Hospital board meets with legislators

This article submitted by Michael Jacobson on 12/06/00.

The crisis in long-term care and the medical industry's hope for some relief in the upcoming legislative session were discussed by the Paynesville Area Hospital District Board of Directors at the monthly meeting on Wednesday, Nov. 29.

The board met in a special session with area legislators Sen. Michelle Fischbach and Rep. Doug Stang the morning of Nov. 28, and a recap of that meeting was presented Wednesday night.

Overwhelming regulations, a punitive reimbursement system, and acute shortages in staffing were areas of need that the hospital system pressed for relief.

The hospital system is also concerned about a proposal for property tax reform. PAHCS currently pays tax on its satellite clinics, but not for the hospital, the main clinic, and the Koronis Manor in Paynesville.

(PAHCS has TIF Districts for 700 Stearns Place and its new clinic in Richmond.)

Paying property tax on the main campus would erase $400,000 from PAHCS's bottom line, which would basically wipe out its profit from a year ago, said administrator Willie LaCroix.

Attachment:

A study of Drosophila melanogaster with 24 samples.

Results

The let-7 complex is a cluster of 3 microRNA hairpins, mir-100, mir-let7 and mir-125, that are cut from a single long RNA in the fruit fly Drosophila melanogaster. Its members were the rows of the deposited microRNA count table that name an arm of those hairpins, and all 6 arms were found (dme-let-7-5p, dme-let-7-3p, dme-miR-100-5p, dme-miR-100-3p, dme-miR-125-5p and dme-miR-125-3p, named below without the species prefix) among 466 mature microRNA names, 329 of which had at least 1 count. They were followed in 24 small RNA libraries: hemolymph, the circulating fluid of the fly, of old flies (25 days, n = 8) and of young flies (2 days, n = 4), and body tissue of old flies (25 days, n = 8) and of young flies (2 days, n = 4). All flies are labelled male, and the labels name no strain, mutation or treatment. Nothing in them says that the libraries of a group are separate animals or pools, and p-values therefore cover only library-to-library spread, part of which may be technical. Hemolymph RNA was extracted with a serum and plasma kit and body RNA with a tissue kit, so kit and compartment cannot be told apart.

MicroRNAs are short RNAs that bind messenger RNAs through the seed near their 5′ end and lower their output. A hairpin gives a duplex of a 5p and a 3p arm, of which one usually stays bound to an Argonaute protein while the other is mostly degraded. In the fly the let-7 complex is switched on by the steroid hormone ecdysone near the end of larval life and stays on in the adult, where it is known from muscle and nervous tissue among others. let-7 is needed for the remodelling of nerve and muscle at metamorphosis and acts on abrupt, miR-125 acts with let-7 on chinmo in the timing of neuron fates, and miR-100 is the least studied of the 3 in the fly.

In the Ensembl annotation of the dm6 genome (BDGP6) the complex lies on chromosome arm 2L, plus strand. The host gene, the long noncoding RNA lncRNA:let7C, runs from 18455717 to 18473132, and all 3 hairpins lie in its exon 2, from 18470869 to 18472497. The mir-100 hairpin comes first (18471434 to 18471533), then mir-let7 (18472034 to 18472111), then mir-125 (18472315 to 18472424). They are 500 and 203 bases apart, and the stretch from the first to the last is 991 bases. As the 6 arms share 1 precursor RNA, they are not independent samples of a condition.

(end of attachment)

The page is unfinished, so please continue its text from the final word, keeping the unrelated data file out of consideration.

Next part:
Since the district has the power to levy taxes, which it has never used, forcing PAHCS to pay property tax could cause the absurd situation of the district levying property tax to pay property tax, LaCroix said.

In the meeting with the area legislators, PAHCS also reiterated its opposition to allowing an exemption for Allina to build a hospital in the St. Cloud area. PAHCS fears the already tight labor market would worsen with another hospital competing for personnel.

Other business
•The board certified the election results from the hospital district elections in November. Re-elected to the board were Don Anderson (city of Paynesville), Bob Brauchler (city of Regal), Rich Philabaum (city of Roscoe), Diane Rothstein (city of St. Martin), Vickie Ruegemer (city of Richmond), Douglas Ruhland (city of Eden Valley), and Carolyn Swyter (member at large).

All will serve four-year terms except Ruegemer, because the city of Richmond won't start having four-year terms until 2002.

The only glitch in the recent election was the failure of hospital district ballots to be dispersed in Union Grove Township. The Secretary of State's office told hospital administration that if no protest was lodged within a week of the election to ignore the mishap. Swyter, whose position is voted on in all ten entities of the district, was re-elected with 2,234 votes.

•The board recognized donations of $5,000 from the Lions 5M Foundation for newborn hearing screening equipment, $600 in memory of Erwin Nistler for outreach and home health, and a $2,500 grant from the CentraCare Foundation for child injury prevention (car seats and bike helmets).

•The board turned over a $4,749 account for collection.

•The board approved a $5,500 employee loan request for Diane Stuckel, who is going back to school to become a Licensed Professional Nurse.

•The board changed its December meeting to Wednesday, Dec. 20, at 7 p.m. The meeting will start an hour earlier to accommodate the annual auditor's presentation for the 2000 fiscal year that ended in September.